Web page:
Education opened up the world to Andrew Nalani, Ed.M.’17. Now, with his African Youth Leadership Experience (AYLE) program, he wants to give the same opportunities to youth in his home country of Uganda and neighboring nations.
“As an adolescent, I had never experienced a learning environment that was at once safe enough to welcome my questions, intuitions, vulnerabilities, and understanding about how the world works and yet equally challenging to push the horizons of my intellectual and personal growth,” says Nalani, who had what he calls a “modest” upbringing in Bugolobi, a suburb of Uganda’s capital city, Kampala.
Always a high achiever academically, as a young man Nalani was accepted to one of the preeminent secondary schools in Uganda, but, sadly, right before he was to enter, he lost his mother to cancer.
“Although I continued to excel in my academics, this tragic event — and especially, lacking the skill set and language to discuss these personal challenges with family — gradually affected my motivation and overall experience at school,” he says. It wasn’t until he was attending a youth leadership conference while a student at United World College in New Mexico that he fully understood the connection. “I learned how socio-emotional well-being is intricately linked to academic success in school and, generally, in life,” he says.
This understanding ignited a new passion for and commitment to education in Nalani. In 2014, while still and undergraduate at Dartmouth College, he launched the first AYLE as a pilot program with the goal of giving students like him the social-emotional skills and support they need to navigate their own educations and make strong contributions to their communities. Students from eight schools in East Africa participated in a 10-day residential camp experience in Uganda that provided them tools to develop confidence, creativity, leadership, and community action, and showed them the value of teamwork.
Although Nalani was unable to run a camp in 2015 or 2016, he remained committed to the program throughout his studies at Dartmouth and his time in HGSE’s Human Development and Psychology Program. He continued to research cultural adaptation of social-emotional learning programs and investigate ways in which the AYLE program could better fit the East African context. Then, Nalani noticed something else.
“Students who had been accompanied by a teacher-chaperone to camp transitioned back to their school context better than their peers who were unaccompanied by teachers,” says Nalani, noting that the teacher-chaperones served as advocates for the students and support for their ongoing learning once they returned to school. With the help of a J-Term grant from the Harvard University Center for African Studies, Nalani investigated ways in which AYLE could better incorporate teachers and school leaders into its programs.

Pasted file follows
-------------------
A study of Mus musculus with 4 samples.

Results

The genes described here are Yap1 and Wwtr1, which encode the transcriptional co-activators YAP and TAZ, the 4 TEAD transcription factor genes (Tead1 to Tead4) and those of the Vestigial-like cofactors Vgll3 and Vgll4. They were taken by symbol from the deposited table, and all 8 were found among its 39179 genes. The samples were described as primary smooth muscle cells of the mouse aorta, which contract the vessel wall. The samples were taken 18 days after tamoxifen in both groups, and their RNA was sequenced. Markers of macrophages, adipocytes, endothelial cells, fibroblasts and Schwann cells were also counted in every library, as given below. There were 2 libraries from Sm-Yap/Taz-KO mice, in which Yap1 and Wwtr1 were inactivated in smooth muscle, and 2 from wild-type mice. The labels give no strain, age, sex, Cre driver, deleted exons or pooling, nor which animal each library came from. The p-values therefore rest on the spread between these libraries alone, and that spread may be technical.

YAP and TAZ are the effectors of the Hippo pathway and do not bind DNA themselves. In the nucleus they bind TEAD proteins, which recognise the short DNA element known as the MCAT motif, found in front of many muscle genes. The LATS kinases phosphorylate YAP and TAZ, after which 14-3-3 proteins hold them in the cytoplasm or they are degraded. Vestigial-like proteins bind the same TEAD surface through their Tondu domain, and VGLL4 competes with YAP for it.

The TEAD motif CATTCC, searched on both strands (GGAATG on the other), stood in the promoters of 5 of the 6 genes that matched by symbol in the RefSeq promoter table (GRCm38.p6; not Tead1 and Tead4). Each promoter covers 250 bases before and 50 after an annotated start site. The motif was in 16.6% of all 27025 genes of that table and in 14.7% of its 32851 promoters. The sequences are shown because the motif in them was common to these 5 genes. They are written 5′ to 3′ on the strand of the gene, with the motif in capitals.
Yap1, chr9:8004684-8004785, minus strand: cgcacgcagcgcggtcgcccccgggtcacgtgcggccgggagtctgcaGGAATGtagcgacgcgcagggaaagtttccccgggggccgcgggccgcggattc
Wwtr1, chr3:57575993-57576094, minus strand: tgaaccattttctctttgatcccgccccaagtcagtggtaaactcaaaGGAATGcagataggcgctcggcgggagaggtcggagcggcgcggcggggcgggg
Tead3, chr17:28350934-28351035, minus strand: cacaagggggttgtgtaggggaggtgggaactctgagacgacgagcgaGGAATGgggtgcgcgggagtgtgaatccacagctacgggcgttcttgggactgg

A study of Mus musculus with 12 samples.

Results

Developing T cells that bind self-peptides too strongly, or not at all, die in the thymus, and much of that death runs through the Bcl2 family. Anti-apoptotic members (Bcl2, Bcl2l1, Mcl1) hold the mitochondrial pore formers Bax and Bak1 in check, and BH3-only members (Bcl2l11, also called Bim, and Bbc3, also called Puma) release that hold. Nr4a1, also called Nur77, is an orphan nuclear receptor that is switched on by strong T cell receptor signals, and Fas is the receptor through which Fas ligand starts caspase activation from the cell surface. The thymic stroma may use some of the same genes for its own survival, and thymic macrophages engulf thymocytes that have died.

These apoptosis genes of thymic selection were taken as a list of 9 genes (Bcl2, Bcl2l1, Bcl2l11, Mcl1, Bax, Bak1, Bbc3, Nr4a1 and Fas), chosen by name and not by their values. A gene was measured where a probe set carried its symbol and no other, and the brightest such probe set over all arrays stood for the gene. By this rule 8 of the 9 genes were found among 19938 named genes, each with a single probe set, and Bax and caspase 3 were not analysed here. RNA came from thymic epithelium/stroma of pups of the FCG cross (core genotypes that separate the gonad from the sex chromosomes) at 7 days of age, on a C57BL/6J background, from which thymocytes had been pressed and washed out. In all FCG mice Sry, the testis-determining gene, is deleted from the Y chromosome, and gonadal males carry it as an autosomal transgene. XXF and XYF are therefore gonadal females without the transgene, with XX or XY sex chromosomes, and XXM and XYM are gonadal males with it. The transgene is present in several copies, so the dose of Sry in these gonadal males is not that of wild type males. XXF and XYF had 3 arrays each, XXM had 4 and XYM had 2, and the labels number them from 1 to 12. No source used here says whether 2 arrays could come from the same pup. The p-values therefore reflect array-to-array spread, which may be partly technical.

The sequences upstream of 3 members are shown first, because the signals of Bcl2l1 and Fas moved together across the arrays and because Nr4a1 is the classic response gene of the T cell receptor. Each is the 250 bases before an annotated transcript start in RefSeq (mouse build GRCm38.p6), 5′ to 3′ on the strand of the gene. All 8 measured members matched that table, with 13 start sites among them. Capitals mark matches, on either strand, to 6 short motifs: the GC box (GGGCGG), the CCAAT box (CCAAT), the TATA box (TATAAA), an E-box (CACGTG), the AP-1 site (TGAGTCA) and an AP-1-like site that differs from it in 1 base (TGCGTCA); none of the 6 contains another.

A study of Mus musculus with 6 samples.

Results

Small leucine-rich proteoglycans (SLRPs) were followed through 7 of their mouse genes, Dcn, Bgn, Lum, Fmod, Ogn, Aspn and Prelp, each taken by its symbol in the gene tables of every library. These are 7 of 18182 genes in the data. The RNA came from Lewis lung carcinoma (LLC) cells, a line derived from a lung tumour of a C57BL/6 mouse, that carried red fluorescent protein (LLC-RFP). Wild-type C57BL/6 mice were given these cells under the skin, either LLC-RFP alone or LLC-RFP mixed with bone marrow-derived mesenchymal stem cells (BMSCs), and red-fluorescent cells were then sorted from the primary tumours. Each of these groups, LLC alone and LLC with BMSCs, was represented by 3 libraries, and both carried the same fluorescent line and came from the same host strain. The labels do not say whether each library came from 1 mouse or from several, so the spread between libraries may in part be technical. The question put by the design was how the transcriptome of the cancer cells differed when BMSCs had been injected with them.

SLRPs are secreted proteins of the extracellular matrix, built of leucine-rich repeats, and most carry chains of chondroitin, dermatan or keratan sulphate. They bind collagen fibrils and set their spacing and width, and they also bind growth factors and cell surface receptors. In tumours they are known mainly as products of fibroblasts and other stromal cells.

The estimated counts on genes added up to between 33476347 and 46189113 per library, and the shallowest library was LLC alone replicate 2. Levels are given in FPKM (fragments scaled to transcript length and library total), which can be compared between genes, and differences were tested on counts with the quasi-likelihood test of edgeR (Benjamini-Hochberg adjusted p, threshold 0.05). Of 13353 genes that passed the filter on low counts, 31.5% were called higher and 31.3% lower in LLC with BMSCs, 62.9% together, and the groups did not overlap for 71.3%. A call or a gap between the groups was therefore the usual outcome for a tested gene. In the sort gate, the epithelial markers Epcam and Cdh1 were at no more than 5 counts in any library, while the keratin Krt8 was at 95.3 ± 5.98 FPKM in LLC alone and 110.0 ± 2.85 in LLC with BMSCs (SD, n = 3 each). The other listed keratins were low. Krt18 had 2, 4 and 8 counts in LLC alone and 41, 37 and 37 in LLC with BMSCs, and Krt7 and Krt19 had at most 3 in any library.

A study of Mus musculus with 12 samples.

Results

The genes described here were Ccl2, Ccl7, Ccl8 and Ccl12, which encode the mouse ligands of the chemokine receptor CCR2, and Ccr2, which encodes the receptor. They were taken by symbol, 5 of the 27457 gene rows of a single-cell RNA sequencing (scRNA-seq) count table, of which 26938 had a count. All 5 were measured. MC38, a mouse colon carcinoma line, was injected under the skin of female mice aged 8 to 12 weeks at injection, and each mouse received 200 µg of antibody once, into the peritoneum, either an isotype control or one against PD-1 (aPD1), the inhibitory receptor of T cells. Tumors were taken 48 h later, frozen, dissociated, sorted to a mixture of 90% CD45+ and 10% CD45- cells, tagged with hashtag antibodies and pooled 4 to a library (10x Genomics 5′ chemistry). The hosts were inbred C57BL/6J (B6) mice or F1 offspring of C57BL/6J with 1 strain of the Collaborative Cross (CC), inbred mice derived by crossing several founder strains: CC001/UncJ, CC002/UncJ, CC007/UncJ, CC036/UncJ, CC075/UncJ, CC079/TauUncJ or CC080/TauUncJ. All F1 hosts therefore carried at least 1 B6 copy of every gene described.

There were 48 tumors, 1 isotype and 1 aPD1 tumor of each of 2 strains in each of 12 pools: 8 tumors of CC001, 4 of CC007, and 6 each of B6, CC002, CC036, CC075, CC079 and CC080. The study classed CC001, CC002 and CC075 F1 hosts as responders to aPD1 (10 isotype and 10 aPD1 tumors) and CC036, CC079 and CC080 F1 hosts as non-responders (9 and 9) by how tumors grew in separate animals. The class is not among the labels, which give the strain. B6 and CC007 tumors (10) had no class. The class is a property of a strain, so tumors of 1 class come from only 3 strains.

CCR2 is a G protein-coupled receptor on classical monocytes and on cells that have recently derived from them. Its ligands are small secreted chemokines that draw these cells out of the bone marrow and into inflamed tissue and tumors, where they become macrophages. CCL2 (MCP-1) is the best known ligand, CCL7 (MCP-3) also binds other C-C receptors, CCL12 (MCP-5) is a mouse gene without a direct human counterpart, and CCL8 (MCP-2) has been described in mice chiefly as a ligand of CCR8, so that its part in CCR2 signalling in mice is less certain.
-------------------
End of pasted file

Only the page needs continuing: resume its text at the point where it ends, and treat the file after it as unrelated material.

Shortly after his graduation from the Ed School last May, Nalani returned to Uganda for the relaunch of the AYLE camp, which welcomed groups of students from four secondary schools in Uganda and Rwanda — and this time each group was accompanied by a teacher.
“All four teachers commented on the hands-on learning approach to working with youth that they appreciated more than the didactic approach that they were used to,” says Nalani. In fact, one of the teachers, says Nalani, shared that she had been on the verge of resigning from her teaching position before the camp, but “left reinvigorated and resolved to recommit to her teaching” and is now working to start an AYLE club at her school.
Nalani’s vision for AYLE continues to evolve, even as he prepares to return to the United States to begin doctoral studies in psychology and social intervention at New York University. Next summer, in addition to running the camp, he hopes to introduce a three-day professional development training focusing for secondary school head-teachers whose students are attending camp. He also plans to pilot a week-long residential program for university students, the African Leadership Experience for University Fellows.
One thing that will not change as AYLE grows is the program’s dedication to the development of social-emotional skills which, along with transformative learning and social justice pedagogy, are the cornerstones to its founder’s educational philosophy.
“Without attending to my social and emotional development,” Nalani says, “I doubt I would have cultivated a capacity for lifelong learning.”